A very slight story I wrote a year or two ago, but I thought it would be appropriate for Thanksgiving.
Payday was the first and the fifteenth of each month when I worked the counter at Burger Chef—ruled the counter, reigned as queen of the counter—in my brown double-knit tunic with orange stripes down the sides. I saved most of my income for college, but I set $10 or $15 aside every other week to buy old books at the Train Depot, a quaint store in town that occupied the old train station. At the back of the store was a small book room with dusty copies of Shakespeare and Hardy and boy scout manuals. I was a regular.
One week, the day after payday, I was considering the books I had spotted the payday before, but I changed course with a new idea. Instead of books, this time I would buy a wooden soprano recorder. I’m not sure where I got the idea for such a purchase, but I knew I wanted it more than a 1946 copy of Jane Eyre.
My mother and I had to drive all the way to Michigan City to find a music store that sold them, but I found a simple maple recorder with a fingering chart and cleaning rod and was on my way. I sat on the edge of my bed for about an hour and ended the session with the fingerings memorized and a few favorite tunes under my belt. I went to school during the day and worked the counter in the evenings, but still I tried to set aside a few minutes every day or so to play my new instrument. Without written music, I had to play through tunes I had learned from my sister's Joan Baez album, the one with hours of old English ballads, like Greensleeves and The Queen of Hearts. They were fitting.
Months later, after moving to Chicago to go to college, I had to learn a new way to live, a dorm way, a communal way that included a nasty refrigerator shared by everyone on the eighth floor, a yellow-tiled bathroom with cold showers, and a room all to myself, myself and a manic depressive roommate who vacuumed at midnight and slept at noon. It was difficult to find recorder time in this new life.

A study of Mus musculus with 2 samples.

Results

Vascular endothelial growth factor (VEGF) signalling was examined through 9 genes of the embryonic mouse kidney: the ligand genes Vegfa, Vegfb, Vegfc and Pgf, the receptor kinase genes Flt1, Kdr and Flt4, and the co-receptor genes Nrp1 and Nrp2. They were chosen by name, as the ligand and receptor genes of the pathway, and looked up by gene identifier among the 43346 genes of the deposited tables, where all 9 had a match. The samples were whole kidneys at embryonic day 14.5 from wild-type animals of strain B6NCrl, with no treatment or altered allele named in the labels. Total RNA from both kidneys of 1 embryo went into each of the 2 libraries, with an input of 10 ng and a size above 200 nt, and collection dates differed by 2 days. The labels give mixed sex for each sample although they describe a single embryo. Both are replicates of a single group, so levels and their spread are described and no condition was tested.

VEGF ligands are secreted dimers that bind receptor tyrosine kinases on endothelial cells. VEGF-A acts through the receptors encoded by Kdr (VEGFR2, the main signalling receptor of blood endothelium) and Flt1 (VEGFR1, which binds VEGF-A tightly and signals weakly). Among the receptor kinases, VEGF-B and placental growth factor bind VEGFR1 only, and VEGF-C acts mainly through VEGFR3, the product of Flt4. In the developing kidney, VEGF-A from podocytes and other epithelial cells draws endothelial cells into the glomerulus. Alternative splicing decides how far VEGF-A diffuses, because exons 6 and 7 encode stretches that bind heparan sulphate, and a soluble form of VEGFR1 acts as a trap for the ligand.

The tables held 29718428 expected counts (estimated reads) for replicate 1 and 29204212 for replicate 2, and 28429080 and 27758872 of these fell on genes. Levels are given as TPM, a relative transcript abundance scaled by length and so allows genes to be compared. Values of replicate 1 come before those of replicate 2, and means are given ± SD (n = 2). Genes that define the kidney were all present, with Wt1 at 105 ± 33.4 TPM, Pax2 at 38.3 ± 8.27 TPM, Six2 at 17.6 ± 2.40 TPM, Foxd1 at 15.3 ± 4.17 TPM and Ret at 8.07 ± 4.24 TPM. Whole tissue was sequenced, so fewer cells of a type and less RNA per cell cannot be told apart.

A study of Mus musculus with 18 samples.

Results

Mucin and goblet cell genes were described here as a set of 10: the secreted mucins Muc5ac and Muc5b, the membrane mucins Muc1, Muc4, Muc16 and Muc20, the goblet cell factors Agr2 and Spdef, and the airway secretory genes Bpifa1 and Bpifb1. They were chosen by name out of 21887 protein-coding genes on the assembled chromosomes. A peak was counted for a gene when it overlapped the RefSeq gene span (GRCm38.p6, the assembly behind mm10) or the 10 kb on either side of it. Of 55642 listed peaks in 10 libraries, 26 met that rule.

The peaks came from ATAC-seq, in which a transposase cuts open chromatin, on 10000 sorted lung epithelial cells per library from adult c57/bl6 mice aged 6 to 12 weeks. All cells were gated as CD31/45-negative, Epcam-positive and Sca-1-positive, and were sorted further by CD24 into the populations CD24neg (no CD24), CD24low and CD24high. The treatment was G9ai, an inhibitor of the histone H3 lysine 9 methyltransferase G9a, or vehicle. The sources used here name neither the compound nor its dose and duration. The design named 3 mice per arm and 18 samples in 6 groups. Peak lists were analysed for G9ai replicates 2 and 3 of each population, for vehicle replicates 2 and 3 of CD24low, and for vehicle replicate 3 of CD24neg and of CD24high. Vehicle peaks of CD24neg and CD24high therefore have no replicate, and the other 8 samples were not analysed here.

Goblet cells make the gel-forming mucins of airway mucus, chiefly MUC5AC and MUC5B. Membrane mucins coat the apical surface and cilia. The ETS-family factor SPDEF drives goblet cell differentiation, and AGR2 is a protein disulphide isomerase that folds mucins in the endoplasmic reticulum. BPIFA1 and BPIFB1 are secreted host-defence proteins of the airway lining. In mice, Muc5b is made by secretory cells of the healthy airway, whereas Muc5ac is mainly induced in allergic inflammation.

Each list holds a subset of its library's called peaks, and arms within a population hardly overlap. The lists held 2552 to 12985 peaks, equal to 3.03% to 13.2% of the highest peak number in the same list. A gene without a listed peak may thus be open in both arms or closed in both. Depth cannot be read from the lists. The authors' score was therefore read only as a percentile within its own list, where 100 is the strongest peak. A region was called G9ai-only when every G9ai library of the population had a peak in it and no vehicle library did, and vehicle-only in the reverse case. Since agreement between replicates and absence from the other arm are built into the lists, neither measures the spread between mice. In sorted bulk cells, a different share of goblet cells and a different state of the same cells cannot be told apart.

One afternoon, I stepped off the elevator on the way to my room between classes. It was an unusual day with an extra hour of spare time. The eighth floor was quiet, and my room was empty. Recorder time, I thought, and I pulled out the hymn book I had borrowed from the chapel. It was full of tunes labeled Welsh Tune or Traditional American or Irish Melody. They felt good with the recorder, and I sat cross-legged on my bed and played page after dog-eared page. After about twenty minutes, there was a knock on my door. I stopped playing to be annoyed with whoever it was who was about to ask me to quit disturbing her study time. Instead, at my door was a girl from another floor.
“Hi. I’m sorry to bother you. But I heard your recorder and had to come and see who was playing. It’s beautiful.”
“Really? Well, thanks. I was just unwinding for a little while. It’s hard to find time to play when it doesn’t bother people.”
“I know. I have one, too. Do you mind if I go get mine? Then we can play together?”
“No, of course not. I’ve got another half hour or so to play.”
The girl ran down the hall and up the stairs to her room. She was back in minutes with her own soprano and a few song books. We sat on the bed and decided to take turns sharing music. “How about if we play one of your English songs and then one of mine from home. Then we’ll switch again.”
“That’s fine. Where are you from?” I asked, flipping through her books. Nothing was familiar.
“Israel. My friends and I used to get together and play. These are some of my favorites.” She pointed to her own dog-eared pages.
Israel. I was about to play the recorder with a girl from Israel. I would have never guessed this situation. We played my Irish melody, which she had never heard before, then we played her Hebrew tune, which was new to me. We played my American folk song, then we played her worship song from a Sabbath celebration. Tune after tune we took turns learning songs that were a world away from our own homes. We finally quit when we realized that we were late for our next class. She grabbed her recorder and books, and that was last time we ever spoke.
When I could have added Wuthering Heights or Return of the Native to my growing collection of yellowing hardbacks, I chose a musical instrument instead. When I could have spent money on another Little Leather Library edition of Burns poetry, I spent it on a recorder that would lead to a an unforgettable experience.